More than 1,000 AP officers who graduated from various universities between July and December last year are demanding a pay rise.
The officers in the ranks of constable and senior sergeant yesterday complained about “unexplained delays” in reviewing their salaries. They said their counterparts in the GSU and regular police had their salaries reviewed a month after graduating. “This is discrimination. It is like we are lesser members of the National Police Service. Or why else would our reviews be delayed, while others got a pay rise almost immediately?” an AP officer who sought anonymity said.
“We took out loans of up to Sh500,000 for undergraduate studies to improve our capacity to deliver better services. It is only fair to get the pay rise to be able to repay the loans.”
More than 1,200 APs were awarded degrees in July last year. Three hundred and ninety-seven were picked for the ongoing inspector’s training course undertaken before promotion to the Inspector of Police position. “We know not all of us can be promoted to the senior ranks because not all of us have the administrative skills and experience. But why deny us the higher pay?” a policeman said. NPSC spokesman George Kinoti declined to comment, saying only the matter is being handled by the human resources department.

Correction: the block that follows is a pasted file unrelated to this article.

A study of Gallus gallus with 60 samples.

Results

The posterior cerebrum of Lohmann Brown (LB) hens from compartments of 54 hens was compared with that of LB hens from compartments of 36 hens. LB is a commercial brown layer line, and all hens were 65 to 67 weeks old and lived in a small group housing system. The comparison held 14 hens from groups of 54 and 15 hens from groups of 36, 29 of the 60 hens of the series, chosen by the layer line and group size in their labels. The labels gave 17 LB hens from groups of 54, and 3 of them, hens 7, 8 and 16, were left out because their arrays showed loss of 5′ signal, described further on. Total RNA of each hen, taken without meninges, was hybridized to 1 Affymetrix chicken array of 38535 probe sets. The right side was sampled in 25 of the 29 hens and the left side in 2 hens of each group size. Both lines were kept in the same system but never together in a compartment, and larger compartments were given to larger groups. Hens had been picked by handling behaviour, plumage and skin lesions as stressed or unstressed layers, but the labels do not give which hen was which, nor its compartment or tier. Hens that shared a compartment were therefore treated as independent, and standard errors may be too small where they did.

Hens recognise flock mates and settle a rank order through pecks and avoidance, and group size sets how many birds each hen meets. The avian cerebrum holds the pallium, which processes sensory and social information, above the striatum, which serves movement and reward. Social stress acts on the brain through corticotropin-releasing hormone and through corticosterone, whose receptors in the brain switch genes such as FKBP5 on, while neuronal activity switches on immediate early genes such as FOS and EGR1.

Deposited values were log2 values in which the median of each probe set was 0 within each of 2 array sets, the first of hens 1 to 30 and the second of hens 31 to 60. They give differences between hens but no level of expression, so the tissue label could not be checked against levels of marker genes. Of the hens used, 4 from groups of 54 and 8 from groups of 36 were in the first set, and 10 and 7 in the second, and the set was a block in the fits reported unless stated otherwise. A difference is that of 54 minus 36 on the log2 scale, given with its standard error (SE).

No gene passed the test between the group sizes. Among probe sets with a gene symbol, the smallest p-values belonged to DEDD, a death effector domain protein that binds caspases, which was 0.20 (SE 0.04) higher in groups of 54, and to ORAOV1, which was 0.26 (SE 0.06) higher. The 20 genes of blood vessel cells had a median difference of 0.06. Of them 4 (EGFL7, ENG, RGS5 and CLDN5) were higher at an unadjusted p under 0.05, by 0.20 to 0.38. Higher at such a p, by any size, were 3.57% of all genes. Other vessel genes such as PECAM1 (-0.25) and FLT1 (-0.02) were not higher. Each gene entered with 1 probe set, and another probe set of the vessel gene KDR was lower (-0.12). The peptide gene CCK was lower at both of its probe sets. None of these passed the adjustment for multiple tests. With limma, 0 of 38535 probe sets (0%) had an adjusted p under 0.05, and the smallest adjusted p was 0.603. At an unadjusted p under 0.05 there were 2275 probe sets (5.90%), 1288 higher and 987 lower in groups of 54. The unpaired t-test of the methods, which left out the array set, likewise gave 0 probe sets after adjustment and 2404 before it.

“I do not have information because that is not in my docket. That matter should be handled by the NPS and the Administration Police Service who verify the documents after they are submitted,” he said.
A police officer recruited at the constable level - with only a high school certificate - earns a basic salary of Sh25,000. The salary rises to at least Sh36,000 after an officer acquires a degree. A graduate police officer in the lower cadres should earn a minimum salary of Sh36,000 - the same as an Inspector of Police, depending on the years of service.